One teen's uniquely emotional take on the letter "S" helped her earn a spot at Harvard—and serves as a reminder that not all families are the same.

By Beth Ann Mayer
May 12, 2021

Getting into college is never a small feat—especially in 2021. Applications are up 10 percent, and college waiting lists are longer and more competitive.

But one teen's powerful essay helped her earn a spot at Harvard. And now, by reciting her essay on TikTok, she's shining light on a struggle that's all too real for so many families—though spell-check services have yet to catch on.

Abigail Mack, who posts as av_mac on TikTok and lost her mother to cancer, shared her essay surrounding her grief, and her struggles surrounding society's interpretation of what it means to be a family, in a multi-part series. It's gone viral with millions of views in just a single week since posting.

"I hate the letter 'S,'" Mack begins as she recites her Ivy League-worthy prose on the video-sharing app. "Of the 164,777 words with 'S,' I only grapple with one. To condemn an entire letter because of its use .0006 percent of the time sounds statistically absurd, but that one case changed 100 percent of my life. I used to have two parents, but now I have one, and the 'S' in 'parents' isn't going anywhere."

Mack continues: "'S' follows me. I can't get through a day without being reminded that while my friends went out to dinner with their parents, I ate with my parent. As I write this essay, there is a blue line under the word 'parent' telling me to check my grammar; even Grammarly assumes that I should have parents, but cancer doesn't listen to edit suggestions. I won't claim that my situation is as unique as one in 164,777, but it is still an exception to the rule—an outlier. The world isn't meant for this special case."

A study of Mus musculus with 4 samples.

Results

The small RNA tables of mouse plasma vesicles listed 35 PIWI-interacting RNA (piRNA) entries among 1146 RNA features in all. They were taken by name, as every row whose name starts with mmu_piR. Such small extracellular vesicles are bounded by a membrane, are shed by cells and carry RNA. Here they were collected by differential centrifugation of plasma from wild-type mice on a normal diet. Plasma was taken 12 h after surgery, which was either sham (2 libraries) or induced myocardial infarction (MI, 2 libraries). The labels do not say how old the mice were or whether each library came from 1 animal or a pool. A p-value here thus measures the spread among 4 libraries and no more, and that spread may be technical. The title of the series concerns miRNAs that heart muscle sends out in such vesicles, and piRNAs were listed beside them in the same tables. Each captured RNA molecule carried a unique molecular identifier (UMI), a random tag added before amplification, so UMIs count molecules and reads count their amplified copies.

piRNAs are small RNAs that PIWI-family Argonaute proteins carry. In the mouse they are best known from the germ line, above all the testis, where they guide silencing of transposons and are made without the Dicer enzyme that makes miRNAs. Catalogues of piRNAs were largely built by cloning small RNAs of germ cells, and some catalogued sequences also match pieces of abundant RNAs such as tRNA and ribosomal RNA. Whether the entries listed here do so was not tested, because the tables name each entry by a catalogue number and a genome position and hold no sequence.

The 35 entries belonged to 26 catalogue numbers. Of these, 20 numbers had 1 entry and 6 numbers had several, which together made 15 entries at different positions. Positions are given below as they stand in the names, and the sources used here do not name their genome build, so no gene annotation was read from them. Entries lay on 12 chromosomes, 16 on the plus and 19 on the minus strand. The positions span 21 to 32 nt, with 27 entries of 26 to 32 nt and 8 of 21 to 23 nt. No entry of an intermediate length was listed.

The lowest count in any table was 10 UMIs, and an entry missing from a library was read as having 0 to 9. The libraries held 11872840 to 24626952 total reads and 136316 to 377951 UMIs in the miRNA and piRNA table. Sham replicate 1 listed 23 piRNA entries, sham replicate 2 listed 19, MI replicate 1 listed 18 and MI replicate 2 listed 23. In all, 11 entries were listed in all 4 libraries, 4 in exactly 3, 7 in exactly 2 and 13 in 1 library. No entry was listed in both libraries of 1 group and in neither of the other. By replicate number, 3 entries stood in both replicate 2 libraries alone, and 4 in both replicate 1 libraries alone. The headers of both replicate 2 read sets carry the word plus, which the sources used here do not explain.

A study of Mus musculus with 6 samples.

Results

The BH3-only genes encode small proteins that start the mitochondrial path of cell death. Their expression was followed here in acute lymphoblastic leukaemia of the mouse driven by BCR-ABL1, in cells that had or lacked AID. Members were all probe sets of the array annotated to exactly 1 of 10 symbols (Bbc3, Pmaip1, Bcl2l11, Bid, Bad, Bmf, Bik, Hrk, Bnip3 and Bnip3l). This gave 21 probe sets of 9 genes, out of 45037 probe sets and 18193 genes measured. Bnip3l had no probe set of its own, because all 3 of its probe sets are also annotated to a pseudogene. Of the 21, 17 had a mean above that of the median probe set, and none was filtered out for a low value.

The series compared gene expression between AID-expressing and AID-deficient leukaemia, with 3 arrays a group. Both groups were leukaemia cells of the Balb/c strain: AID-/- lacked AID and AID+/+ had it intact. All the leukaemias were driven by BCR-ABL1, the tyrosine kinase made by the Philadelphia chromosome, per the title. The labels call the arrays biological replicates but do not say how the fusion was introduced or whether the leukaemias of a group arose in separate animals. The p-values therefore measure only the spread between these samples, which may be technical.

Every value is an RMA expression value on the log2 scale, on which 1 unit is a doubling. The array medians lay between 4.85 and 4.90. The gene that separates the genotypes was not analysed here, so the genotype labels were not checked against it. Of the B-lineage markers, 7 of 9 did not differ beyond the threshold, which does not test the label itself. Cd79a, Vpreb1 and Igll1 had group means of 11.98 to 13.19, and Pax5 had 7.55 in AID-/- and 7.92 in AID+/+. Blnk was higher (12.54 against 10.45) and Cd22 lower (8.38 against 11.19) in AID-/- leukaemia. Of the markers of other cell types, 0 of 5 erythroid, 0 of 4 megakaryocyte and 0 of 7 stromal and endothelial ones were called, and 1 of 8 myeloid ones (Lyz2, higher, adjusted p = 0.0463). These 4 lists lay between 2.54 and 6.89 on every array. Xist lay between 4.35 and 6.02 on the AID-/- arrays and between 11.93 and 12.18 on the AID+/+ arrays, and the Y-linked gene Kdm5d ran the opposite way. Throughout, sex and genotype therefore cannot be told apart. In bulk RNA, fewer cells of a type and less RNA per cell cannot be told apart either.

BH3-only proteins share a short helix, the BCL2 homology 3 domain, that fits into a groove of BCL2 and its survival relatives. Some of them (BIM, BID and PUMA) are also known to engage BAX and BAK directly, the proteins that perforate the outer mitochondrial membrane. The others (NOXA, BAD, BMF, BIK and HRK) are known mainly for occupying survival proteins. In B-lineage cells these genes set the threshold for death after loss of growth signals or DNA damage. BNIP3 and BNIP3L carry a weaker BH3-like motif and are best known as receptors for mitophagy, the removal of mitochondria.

In later videos, she revealed that she threw herself into extracurriculars like volleyball and dance to try to fill the void.

The commenters agreed: They would have admitted Mack to Harvard, too. "I see why you got in," one person wrote. "This is what a good writer looks like," chimed in another. "Never got chills from an essay until now," someone said.

And it particularly struck a chord with one TikToker: "This is so beautiful, and I could relate 100 percent."

In fact, millions of parents (singular or plural) can relate. Gone are the days when nuclear families consisted of two parents (of the same race), two biological children, and a golden retriever. Some studies even suggest that the stereotypical nuclear family may have never really existed in the first place.

And unfortunately, in the last year, even more children became part of one-caregiver families—thousands of kids lost a parent or caregiver during the pandemic in New York alone. The sting of that is likely enough without having spell check flag the use of the singular form of "parent."

The biggest takeaway from Mack's viral TikTok? Words matter—and removing bias from spell-checking services can help people whose situations don't check a specific box feel less excluded.